NME’s albums of the year, 1974-2011


Dylan was our number one the following year, too, with his 17th album, ‘Desire’. That may have been a slightly more contentious choice. Also released that year: The Runaways’ self-titled debut, and the Eagles’ ‘Hotel California’. Plus an awful lot of wafty prog-rock concept albums.


Our album of 1977 was David Bowie’s ‘Heroes’. Really? In the year of Fleetwood Mac’s ‘Rumours’, not to mention The Sex Pistols’ ‘Never Mind The Bollocks’? Then again, NME was a bit sniffy about punk back then: it was left to rival paper Sounds to properly get behind punk.


In 1979, post-punk was taking over. No surprise, then, that NME went nuts for Talking Heads, making their third album ‘Fear Of Music’ the record of the year. NME’s rival music paper Melody Maker also had it as their top release that year. Also released in 1979: Gang Of Four’s ‘Entertainment’, Joy Division’s ‘Unknown Pleasures’, and Neil Young And Crazy Horse’s ‘Rust Never Sleeps’.



In 1980 we went for Joy Division’s ‘Closer’ – the first time what might now be described as an indie band had made it to the top slot. Hard to argue with that choice, really, though 1980 also saw the release of what would eventually be the biggest hard rock album of all time, AC/DC’s ‘Back In Black’.


Back to rock music in 1983, with Elvis Costello’s eighth album ‘Punch The Clock’ getting the album of the year honour. Fair play, it did have the astounding ‘Shipbuilding’ on it, though you’d have thought the mag would have acknowledged the rise of synth-pop. Eurythmics’ ‘Sweet Dreams (Are Made Of This)’ came out that year. (As did R.E.M.’s ‘Murmur’).


And so to 1984, when we went with Bobby Womack’s ‘The Poet II’. A strange choice: it’s not even the best Bobby Womack album called ‘The Poet’ (the first was better). Better choices in hindsight: R.E.M.’s ‘Reckoning’, Frankie Goes To Hollywood’s ‘Welcome To The Pleasuredome’, or even Nick Cave & The Bad Seeds’ debut ‘From Her To Eternity’.


1991 was the year of block-busting rock albums such as Guns’N’Roses’ ‘Use Your Illusion’ double release, and Metallica’s ‘Black Album’ – though these days it’s remembered more as the year grunge broke big. That year saw the release of Pearl Jam’s ‘Ten’, Smashing Pumpkins’ ‘Gish’, and of course Nirvana’s ‘Nevermind’, which was our album of the year.



A worthy winner in 1993: Bjork’s ‘Debut’. Though of course Suede’s debut also came out that year, and when we recently selected our best debut albums of each of the last fifty years, it was Suede that got the nod.


No prizes for guessing which album we went with in 1994. Clearly relieved that we had some successful British bands to write about again, we made Oasis’ ‘Definitely Maybe’ our album of the year. Doubtless there were office arguments over whether this or ‘Parklife’ (or indeed Pulp’s ‘His’n’Hers’) would come out on top.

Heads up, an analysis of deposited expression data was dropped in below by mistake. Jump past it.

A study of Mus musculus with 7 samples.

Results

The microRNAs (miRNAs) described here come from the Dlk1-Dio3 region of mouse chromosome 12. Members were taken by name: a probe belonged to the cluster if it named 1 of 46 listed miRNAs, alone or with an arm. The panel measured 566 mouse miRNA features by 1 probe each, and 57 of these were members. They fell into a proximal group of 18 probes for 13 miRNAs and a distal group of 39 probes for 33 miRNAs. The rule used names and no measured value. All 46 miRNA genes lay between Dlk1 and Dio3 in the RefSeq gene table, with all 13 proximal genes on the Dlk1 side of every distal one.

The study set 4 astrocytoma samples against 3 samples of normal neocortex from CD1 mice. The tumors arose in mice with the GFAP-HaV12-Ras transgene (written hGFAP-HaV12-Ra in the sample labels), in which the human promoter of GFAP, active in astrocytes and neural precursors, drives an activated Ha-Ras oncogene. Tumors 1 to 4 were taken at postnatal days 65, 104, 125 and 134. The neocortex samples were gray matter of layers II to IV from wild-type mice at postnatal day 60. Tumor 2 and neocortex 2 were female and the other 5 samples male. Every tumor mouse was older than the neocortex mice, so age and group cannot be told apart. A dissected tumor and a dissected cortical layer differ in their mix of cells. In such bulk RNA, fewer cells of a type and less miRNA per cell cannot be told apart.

1995 was a pretty huge year for NME bands, what with the Blur Vs Oasis chart battle, and Oasis releasing the biggest album of the decade in the form of ‘(What’s The Story?) Morning Glory’. But it was also the year of trip-hop – and Tricky’s claustrophobic debut ‘Maxinquaye’ was our album of the year. Perhaps an unexpectedly downbeat choice in a year now remembered as being all about Britpop glory.


1996: Beck’s freewheeling fifth album ‘Odelay’. It’s undeniably a great record, but do people still listen to it much these days? Also released that year: The Fugees’ ‘The Score’, The Afghan Whigs’ ‘Black Love’, and Manic Street Preachers’ ‘Everything Must Go’.



People think 1997 and immediately assume Radiohead’s ‘OK Computer’ conquered all, but actually Radiohead have never had an NME album of the year. In 1997 we went with Spiritualized’s ‘Ladies And Gentlemen We Are Floating In Space’. The Verve’s ‘Urban Hymns’ was also a strong candidate.


And so to 1998, and the post-Britpop hangover. Air’s ‘Moon Safari’ came out, as did Massive Attack’s ‘Mezzanine’ and Rufus Wainwright’s self-titled debut album – but we went with Mercury Rev’s ‘Deserter’s Songs’. Interestingly, Snow Patrol released their debut album ‘Songs For Polarbears’ that year. It peaked at Number 143.


There can’t have been many arguments about making Arctic Monkeys’ ‘Whatever People Say I Am That’s What I’m Not’ our album of the year in 2006, though Thom Yorke’s ‘The Eraser’, My Chemical Romance’s ‘The Black Parade’ and The Hold Steady’s ‘Boys And Girls In America’ were also critically acclaimed that year.


2007 was all about Klaxons’ ‘Myths Of The Near Future’. Our original review said: “From the scattered shards of the past and of the future, Klaxons have built a magical and dangerous world all of their own.”


MGMT’s second album might have divided opinion, but their debut certainly didn’t. We all bloody loved ‘Oracular Spectacular’ in 2008 – it beat second-placed album TV On The Radio’s ‘Dear Science’ by a comfortable margin, with Glasvegas’ self-titled debut coming in third.


This year the coveted accolade went to PJ Harvey for her astonishing, 10/10 album ‘Let England Shake’. See the full 50 NME Albums Of 2011 and as always let us know your favourite five albums of the year.